Does a truly "zero-emissions" truck exist? Is it even possible in today's petroleum-powered world? Will it ever be?
If you’ve counted yourself among skeptics to the notion that trucking might one day be an industry built on the foundation of big lithium-ion batteries powering electric motors, Overdrive News Editor Matt Cole's report this week on new analysis from the American Transportation Research Instituate, or ATRI, probably raised your eyebrows a little higher, let’s say. The organization compared estimated life-cycle CO2 greenhouse gas emissions associated with battery electric trucks, diesel trucks, and hydrogen fuel cell trucks from production through to operation and ultimate disposal and found plenty of justification for skepticism.
Life-cycle emissions were highest over time for diesels, as Cole reported, but ultimately not by an amount implied by the hype that proselytizers of electric-drive technology bring to the discussion with the zero emissions terminology.
[Related: Cutting through the heavy-duty e-trucks hype]
In today's edition of Overdrive Radio, we’re going to drop into an in-depth discussion Cole had with ATRI Vice President Dan Murray. Beyond the emissions analysis, which we’ll hear a lot about throughout the podcast, early on in the conversation Cole raised brass-tacks issues ATRI’s report touches on -- practical considerations for trucking companies of any size when considering current/future investment potential in a battery-electric vehicle, particularly. Cutting through the hype around electric trucks, the fundamental, practical picture is not a pretty one, today often enough wrapped in a shiny package that obscures the reality. Take a listen:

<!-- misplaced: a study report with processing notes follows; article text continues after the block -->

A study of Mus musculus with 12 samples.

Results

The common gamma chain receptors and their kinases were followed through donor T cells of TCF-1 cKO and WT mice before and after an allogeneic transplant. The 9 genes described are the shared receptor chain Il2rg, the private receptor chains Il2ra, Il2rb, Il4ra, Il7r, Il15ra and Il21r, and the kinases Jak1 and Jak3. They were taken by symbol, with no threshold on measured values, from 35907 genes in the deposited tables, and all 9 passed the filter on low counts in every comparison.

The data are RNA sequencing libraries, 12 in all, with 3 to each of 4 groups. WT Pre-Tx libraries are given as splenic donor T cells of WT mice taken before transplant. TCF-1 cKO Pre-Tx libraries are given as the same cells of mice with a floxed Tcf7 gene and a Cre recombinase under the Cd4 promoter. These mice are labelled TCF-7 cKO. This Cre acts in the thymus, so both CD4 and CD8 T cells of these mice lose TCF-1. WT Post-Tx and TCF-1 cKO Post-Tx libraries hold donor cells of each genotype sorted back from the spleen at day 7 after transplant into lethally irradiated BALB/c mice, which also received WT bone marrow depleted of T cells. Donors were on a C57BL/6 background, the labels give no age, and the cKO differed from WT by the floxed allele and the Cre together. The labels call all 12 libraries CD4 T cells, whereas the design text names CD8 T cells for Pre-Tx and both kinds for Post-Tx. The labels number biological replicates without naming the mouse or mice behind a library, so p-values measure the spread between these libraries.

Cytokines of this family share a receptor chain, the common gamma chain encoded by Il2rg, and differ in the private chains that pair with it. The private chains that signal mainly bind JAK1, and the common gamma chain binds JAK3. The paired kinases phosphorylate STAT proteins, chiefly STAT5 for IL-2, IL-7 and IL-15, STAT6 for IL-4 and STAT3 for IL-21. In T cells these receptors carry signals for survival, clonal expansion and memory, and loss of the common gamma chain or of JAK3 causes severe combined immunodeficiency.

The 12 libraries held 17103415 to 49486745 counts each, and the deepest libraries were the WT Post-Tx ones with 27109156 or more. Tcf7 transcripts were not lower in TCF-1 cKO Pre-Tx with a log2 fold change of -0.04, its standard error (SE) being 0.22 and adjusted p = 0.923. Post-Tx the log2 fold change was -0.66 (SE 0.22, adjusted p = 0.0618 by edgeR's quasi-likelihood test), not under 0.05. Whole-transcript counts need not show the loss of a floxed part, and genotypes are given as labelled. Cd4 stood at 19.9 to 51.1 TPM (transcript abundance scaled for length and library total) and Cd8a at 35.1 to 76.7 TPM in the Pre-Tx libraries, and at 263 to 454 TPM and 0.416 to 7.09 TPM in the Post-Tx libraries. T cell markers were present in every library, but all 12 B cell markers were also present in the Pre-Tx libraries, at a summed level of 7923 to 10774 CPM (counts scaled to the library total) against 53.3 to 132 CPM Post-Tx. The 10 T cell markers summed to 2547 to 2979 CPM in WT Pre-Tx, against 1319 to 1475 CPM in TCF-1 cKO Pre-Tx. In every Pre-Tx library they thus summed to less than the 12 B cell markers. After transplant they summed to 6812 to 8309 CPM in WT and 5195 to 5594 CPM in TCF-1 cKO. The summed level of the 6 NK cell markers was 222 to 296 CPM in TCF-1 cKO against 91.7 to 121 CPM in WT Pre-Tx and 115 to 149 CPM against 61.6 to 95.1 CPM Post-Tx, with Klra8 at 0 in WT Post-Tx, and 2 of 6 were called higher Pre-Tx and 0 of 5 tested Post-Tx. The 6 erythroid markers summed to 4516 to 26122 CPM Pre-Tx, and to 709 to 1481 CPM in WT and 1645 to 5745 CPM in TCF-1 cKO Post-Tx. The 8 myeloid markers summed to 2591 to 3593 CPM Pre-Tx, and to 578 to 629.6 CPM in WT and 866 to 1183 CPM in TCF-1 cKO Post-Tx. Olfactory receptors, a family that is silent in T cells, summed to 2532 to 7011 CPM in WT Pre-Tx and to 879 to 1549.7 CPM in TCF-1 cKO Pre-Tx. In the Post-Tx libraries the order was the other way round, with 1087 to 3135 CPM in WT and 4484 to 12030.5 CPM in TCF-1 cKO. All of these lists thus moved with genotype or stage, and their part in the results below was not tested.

Also in the podcast: For listeners, an introduction to the Danville, Kentucky-based operation of owner-operator Darrell Estes, whose pristine pair of 1980s Peterbilt 359s I got a close look at during last week’s Large Cars and Guitars truck show in Kodak, Tennessee. Regular readers may have seen those rigs in the video we shared earlier this week featuring both, a 1987 and a fully custom-restored 1984 showpiece. Estes’ story extends back to when the latter rig was but a young pup, and he worked around it with its then owner, hauling long-distance coal north from the mines of Eastern Kentucky. Follow this link to the video, if you missed it.